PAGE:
William Meier,; and Samantha Parker,
News release prepared by: Nellie Ryan, 785-532-6415,

Tuesday, Dec. 22, 2009


MANHATTAN -- Two Kansas State University graduate students are the inaugural recipients of a special scholarship created to attract science majors to the teaching discipline.

The K-State TEACH scholarship is a collaboration between the university's departments of secondary education, physics, geology, chemistry and biology. The scholarship is supported by the National Science Foundation's Robert Noyce Scholarship Program, which awarded K-State $875,000 over a five-year period to help increase the number of highly qualified middle- and high-school teachers in the science areas.

William Meier, a master's student in curriculum and instruction, Manhattan, is receiving a $15,000 K-State TEACH scholarship for the 2009-2010 school year, while Samantha Parker, a master's student in curriculum and instruction, Waterville, was awarded a $7,500 TEACH scholarship for the fall semester.

Meier received his undergraduate degree in horticulture with a minor in business from K-State in 2006. After graduating from K-State, Meier spent two years working in a horticulture-related career. He then realized that teaching was his calling and made the decision to return to K-State in pursuit of a master's degree and a graduate teaching certificate with an emphasis in biology for grades 6-12.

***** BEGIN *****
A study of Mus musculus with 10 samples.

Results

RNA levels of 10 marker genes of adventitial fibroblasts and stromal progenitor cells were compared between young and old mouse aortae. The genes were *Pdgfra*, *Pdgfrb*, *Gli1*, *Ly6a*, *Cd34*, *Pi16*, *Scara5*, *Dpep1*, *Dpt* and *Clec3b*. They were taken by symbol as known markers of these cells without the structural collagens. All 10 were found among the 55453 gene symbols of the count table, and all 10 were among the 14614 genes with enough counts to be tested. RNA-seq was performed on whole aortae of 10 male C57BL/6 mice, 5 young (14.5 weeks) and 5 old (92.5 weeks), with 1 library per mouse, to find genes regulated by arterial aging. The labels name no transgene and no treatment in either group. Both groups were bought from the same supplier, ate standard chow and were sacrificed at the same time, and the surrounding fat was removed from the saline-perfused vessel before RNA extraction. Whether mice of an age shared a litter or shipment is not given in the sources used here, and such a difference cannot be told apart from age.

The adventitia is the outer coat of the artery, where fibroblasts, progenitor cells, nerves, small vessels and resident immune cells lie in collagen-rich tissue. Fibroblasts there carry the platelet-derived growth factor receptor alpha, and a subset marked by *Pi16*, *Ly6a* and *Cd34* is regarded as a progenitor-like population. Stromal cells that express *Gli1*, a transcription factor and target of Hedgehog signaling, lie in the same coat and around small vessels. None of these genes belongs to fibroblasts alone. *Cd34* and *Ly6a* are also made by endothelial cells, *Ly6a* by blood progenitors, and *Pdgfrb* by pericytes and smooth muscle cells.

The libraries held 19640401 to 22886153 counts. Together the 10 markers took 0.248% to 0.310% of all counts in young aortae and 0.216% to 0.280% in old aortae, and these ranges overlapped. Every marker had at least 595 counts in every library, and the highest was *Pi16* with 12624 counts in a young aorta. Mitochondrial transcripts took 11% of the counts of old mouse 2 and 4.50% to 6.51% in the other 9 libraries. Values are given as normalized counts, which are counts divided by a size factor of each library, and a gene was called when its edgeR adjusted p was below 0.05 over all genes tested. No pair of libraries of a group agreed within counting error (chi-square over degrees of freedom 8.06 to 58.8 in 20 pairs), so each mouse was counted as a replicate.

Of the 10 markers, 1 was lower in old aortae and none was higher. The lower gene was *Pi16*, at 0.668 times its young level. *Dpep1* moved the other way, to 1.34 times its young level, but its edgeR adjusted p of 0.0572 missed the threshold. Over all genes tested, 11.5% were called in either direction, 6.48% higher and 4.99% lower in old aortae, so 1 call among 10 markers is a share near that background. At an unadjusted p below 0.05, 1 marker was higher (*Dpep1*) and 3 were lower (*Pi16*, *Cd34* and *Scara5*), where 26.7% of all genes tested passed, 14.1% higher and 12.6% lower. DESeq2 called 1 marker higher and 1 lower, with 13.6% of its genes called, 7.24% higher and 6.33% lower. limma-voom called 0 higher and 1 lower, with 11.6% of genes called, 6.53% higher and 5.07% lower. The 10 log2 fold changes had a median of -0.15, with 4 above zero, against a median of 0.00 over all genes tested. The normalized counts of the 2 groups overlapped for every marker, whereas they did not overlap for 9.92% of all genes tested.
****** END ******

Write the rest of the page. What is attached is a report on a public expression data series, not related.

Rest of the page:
His interest in teaching goes back to his childhood when he watched his mother teach in Olathe. "I enjoyed those experiences and often found myself wondering what it would be like to be in her position," he said. "Specifically, I really enjoy helping other people learn about important educational material and also about themselves as they develop their identity throughout childhood and adolescence."

Parker received her undergraduate degree in neuroscience from Texas Christian University in 2006. She then went on to work as the at-risk coordinator for Valley Heights High School, where she realized her passion for teaching. She earned a graduate certificate in secondary education in December and will finish her master's in curriculum and instruction in summer 2010.

"By joining this program, I have had to resign from my position at Valley Heights High School, so this scholarship will provide me with a way to afford tuition," Parker said. "It fits me perfectly because I currently live in Waterville, a rural town just north of Manhattan, and this scholarship is geared toward teachers interested in teaching in a rural school, which is something I plan on doing."